Can you tell us about your new novel?

All That Ails You is told through the voice of Wrigley, a hard-luck dog, who finally finds his place in the world as the house dog at an assisted living facility. Wrigley has free rein of the facility, going where he senses he’s needed, but a big change comes when a curmudgeon, named Walter Kepsen, moves in across the hall from his favorite resident. Surprisingly, through a series of dramatic twists, Walter becomes indebted to Wrigley. I hope you’ll read the book to find out how the story unfolds.

Have you seen first-hand the bond between dogs and seniors?

Yes, in doing research for the book, I spent time at several assisted living homes, which had visits from dogs. I didn’t think it was possible for me to appreciate dogs more than I already do, but seeing the magical way they brought love to every situation they encountered did just that. There’s a passage at the beginning of the book that reads: “Sometimes in life the best thing for all that ails you has fur and four legs.” In my experience watching dogs interact with seniors, that is true.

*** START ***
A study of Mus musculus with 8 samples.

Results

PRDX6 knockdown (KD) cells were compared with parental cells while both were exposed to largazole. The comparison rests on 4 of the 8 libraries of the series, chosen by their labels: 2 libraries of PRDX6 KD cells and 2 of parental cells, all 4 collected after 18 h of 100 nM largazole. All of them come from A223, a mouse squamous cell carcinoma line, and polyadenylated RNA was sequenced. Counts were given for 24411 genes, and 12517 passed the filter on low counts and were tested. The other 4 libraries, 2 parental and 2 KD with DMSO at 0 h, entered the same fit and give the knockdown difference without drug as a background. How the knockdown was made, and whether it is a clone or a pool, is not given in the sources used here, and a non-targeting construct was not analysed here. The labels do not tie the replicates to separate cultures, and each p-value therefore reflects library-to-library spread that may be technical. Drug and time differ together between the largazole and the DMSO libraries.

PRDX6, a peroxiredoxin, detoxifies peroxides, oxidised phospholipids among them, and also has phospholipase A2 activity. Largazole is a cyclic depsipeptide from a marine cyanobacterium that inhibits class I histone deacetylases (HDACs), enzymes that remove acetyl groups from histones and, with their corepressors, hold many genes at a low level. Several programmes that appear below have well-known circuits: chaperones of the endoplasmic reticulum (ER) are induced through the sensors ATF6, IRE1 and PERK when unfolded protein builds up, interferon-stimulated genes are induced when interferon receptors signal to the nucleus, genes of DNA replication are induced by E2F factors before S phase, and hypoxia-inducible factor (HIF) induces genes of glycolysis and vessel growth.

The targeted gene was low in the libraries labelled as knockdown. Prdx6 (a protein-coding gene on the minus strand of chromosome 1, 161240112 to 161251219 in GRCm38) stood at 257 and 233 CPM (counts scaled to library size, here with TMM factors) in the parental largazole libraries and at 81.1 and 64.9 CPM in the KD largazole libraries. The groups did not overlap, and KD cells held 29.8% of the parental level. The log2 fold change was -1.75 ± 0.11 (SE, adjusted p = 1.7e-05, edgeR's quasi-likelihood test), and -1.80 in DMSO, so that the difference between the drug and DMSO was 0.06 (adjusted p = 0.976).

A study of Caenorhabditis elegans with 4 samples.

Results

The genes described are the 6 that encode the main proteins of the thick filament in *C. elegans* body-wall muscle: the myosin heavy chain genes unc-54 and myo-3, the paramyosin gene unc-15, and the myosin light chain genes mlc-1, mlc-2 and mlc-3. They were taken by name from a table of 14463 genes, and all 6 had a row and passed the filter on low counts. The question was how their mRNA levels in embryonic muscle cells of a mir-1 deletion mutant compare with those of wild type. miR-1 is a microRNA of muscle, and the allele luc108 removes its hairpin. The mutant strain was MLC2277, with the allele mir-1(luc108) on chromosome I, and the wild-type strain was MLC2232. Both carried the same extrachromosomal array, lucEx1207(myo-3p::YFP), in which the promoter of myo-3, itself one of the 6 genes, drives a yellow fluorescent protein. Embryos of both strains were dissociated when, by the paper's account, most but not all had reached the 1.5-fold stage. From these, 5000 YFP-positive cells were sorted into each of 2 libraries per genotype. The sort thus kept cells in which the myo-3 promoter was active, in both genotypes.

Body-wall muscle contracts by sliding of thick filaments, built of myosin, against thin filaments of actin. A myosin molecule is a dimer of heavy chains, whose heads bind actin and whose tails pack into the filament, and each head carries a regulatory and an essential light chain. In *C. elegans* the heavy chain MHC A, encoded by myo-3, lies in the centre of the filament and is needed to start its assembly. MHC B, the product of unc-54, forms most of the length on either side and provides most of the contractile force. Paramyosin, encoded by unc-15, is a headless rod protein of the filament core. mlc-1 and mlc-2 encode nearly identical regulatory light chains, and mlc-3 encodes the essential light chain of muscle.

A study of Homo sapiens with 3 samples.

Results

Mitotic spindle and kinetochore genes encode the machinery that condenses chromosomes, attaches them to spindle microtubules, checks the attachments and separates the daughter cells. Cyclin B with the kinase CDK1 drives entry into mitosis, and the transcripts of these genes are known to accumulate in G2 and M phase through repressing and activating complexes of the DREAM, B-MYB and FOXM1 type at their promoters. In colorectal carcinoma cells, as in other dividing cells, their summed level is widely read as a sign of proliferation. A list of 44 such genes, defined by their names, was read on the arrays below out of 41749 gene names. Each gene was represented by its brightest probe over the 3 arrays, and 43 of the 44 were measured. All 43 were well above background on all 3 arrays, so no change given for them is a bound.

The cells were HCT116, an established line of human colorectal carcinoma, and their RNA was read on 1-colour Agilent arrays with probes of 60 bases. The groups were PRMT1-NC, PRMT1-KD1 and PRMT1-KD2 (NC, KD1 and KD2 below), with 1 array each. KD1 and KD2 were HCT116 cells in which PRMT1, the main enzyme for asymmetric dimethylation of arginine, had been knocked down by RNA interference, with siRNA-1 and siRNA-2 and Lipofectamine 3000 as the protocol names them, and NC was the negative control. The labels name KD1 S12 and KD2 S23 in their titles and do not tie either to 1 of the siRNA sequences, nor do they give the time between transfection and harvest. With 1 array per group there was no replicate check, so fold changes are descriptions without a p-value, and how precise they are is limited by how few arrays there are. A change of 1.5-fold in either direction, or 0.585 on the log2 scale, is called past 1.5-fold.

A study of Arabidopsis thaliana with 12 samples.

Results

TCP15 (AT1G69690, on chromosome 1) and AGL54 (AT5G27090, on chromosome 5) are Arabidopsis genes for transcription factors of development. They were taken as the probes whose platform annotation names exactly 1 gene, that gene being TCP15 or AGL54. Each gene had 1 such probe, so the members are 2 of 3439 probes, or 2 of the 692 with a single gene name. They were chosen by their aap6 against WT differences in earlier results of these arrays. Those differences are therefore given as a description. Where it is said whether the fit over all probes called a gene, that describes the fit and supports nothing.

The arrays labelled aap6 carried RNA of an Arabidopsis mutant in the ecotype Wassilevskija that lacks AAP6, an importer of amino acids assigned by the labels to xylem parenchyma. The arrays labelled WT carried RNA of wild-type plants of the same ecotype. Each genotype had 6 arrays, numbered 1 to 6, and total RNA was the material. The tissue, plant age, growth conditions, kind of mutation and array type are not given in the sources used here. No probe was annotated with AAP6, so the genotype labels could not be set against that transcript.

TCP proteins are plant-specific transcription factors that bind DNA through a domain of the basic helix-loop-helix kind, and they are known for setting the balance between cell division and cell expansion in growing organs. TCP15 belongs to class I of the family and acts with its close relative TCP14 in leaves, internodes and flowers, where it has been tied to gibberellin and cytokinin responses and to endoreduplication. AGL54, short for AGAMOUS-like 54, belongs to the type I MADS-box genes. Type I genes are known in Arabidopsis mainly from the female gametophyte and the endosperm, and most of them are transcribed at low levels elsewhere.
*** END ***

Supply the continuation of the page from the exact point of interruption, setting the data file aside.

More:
You’re well-known for your non-fiction dog books. What inspired you to move into dog fiction?

I’ve always wanted to try my hand at writing fiction. After visiting a friend of mine’s grandmother at an assisted living home, the seed of the idea for All That Ails You came to me. I thought telling a story about a fragile time in life, through the eyes of a dog, was filled with emotion and creative possibilities. I had a false start with the book and put it aside for a year. I’m happy I decided to pick it back up and see it through.

What’s next for you?

I’ve done a photography book on old dogs (Old Friends), a memoir about losing a dog (Humphrey Was Here), and now a novel about old people. I think I’m going to go in the other direction and work on something that would appeal to kids, and kids at heart. Of course, it will involve dog.